In-Season Training… Starting Strong, Finishing Stronger

Getting strong in the off-season to prepare for great performance on the field is paramount, but let’s not forget that it’s the athlete that finishes the season as strong as he started that usually reaps the most reward. Drops in velo, both on the mound and off the bat, as well as injuries, can all be a result of not training during the season. Pros do it, collegiate players do it.  You should as well.  So, you basically are the creator of your own destiny.

Four to five months of off-season training is intended to develop many of the strength and motor abilities needed to succeed in any specific sport. Whether it be strength, velocity or speed, these abilities will only remain effective at a heightened level for a given period after the training stops.  This is what former Red Sox PT Mike Reinold refers to as “managing a controlled fall” (click here).

This drop in retention of specific athletic components is referred to as “the residual training effect”. Below is a chart based on the two studies showing the specific components needed to excel on the field as well as the amount of time (residual effect) before they begin to falter.  Take a close look at the right hand column.

Based on the chart above, we can see that once tryouts and practices begin, the “speed” component will get more than its fair share of attention. Unfortunately in March, with the official start of the season still a month away, if an athlete only develops their speed component, they will lose the other components namely “accelerative strength” by the time the season even begins in April.

Basically, if all the other components are not attended to through in the weight room, overall performance will begin to be negatively affected. The impact of the lack of in-season training is cumulative, and by the start of summer ball in June, sooner or later all of the off-season’s hard work will have significantly dissipated.  Doesn’t matter the age, we’ve seen this movie many times and it’s equally applicable to position players and pitchers.  Without in-season training, reductions in strength and power and mobility will take a toll on optimal performance.

Below is a summary of each of the above athletic components above, as well as what we develop in our off-season training programs.


This type of speed trained in the off-season is geared more to the strength side of speed (acceleration). But, once baseball starts, it becomes more specific in the form of throwing, hitting fielding and base running and becomes the responsibility of the coach to train these qualities through practice and in the form of short sprint work, NOT running laps and poles!!  I mean which one of these guys do you think produces more power?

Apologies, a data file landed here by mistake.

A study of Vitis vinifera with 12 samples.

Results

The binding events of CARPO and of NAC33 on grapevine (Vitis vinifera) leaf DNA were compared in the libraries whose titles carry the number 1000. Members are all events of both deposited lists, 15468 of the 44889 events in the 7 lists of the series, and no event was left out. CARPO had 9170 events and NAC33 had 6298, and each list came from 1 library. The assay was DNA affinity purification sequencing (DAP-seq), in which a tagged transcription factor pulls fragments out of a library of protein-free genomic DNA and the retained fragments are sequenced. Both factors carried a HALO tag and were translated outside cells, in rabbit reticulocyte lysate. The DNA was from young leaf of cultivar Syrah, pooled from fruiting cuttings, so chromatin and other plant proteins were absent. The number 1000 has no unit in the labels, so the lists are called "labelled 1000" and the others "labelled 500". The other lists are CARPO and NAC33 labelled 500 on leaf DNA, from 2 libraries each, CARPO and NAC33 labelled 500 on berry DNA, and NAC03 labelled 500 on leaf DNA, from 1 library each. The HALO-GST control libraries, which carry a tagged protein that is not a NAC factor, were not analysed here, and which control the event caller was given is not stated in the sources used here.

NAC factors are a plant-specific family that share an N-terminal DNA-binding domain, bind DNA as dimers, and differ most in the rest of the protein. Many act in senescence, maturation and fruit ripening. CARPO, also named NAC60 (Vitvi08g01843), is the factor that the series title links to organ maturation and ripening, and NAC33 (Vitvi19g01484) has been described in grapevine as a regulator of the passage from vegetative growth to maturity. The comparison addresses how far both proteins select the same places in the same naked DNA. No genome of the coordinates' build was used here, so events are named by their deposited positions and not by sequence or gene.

Strength-Speed / Speed-Strength

This is the big one. Strength-speed is defined as moving a moderately heavy weight as fast as possible. Speed-strength can be best defined as speed in conditions of strength.  In essence, it is utilizing lighter loads at very fast velocities. Through testing, we create an “force-velocity” profile for the athlete and program accordingly for the in-season.

Aerobic Abilities

This is slow, steady state cardio that aids in recovery and only needs to be trained 2-3 times per month while in-season. While absolutely necessary in small doses, any more can have a negative effect on the athlete’s explosiveness.

Absolute Strength

This is the ability to exert force maximally and moving towards increasing the 1RM. This is primarily worked on in the early off-season and like aerobic abilities, has a long residual effect meaning that we do not need to train it more than 2-3x per month in-season. Remember, we’re not trying to get stronger in-season, we’re trying to maintain our existing strength that we’ve built up in the off-season. We’re much better served to spend the time utilizing more ballistic exercises that utilize lighter intensities and performed at quicker speeds in order to get more explosive.

Trap Bar Jumps

Athletes and coaches should know how fast the athlete will lose each specific ability gained in off-season training (say “strength “or “speed” for example once he stops training for it). In other words, they need to know the residual effect of each type of training and make sure all components are attained to, throughout the season.

So, for all of you who put in the hours this off-season, you should continue to maintain your strength and recovery abilities by getting 2-3 days/week of in-season training.  You have worked too hard to let it slowly slip away through the season. And for those of you who didn’t strength train this off-season (shame on you), you really can’t afford not to.

See ya’ in the gym…

By Nunzio Signore (BA, CSCS, CPT, NASM, FMS)


    1. Bondarchuk AP (1981). The physical preparation designing in power disciplines of track and field. Kiev: Health Publisher (Zdorovie, Russian).
    2. Issurin V (2010). New horizons for the methodology and physiology of training periodization. Sports Med. 40: 189-206.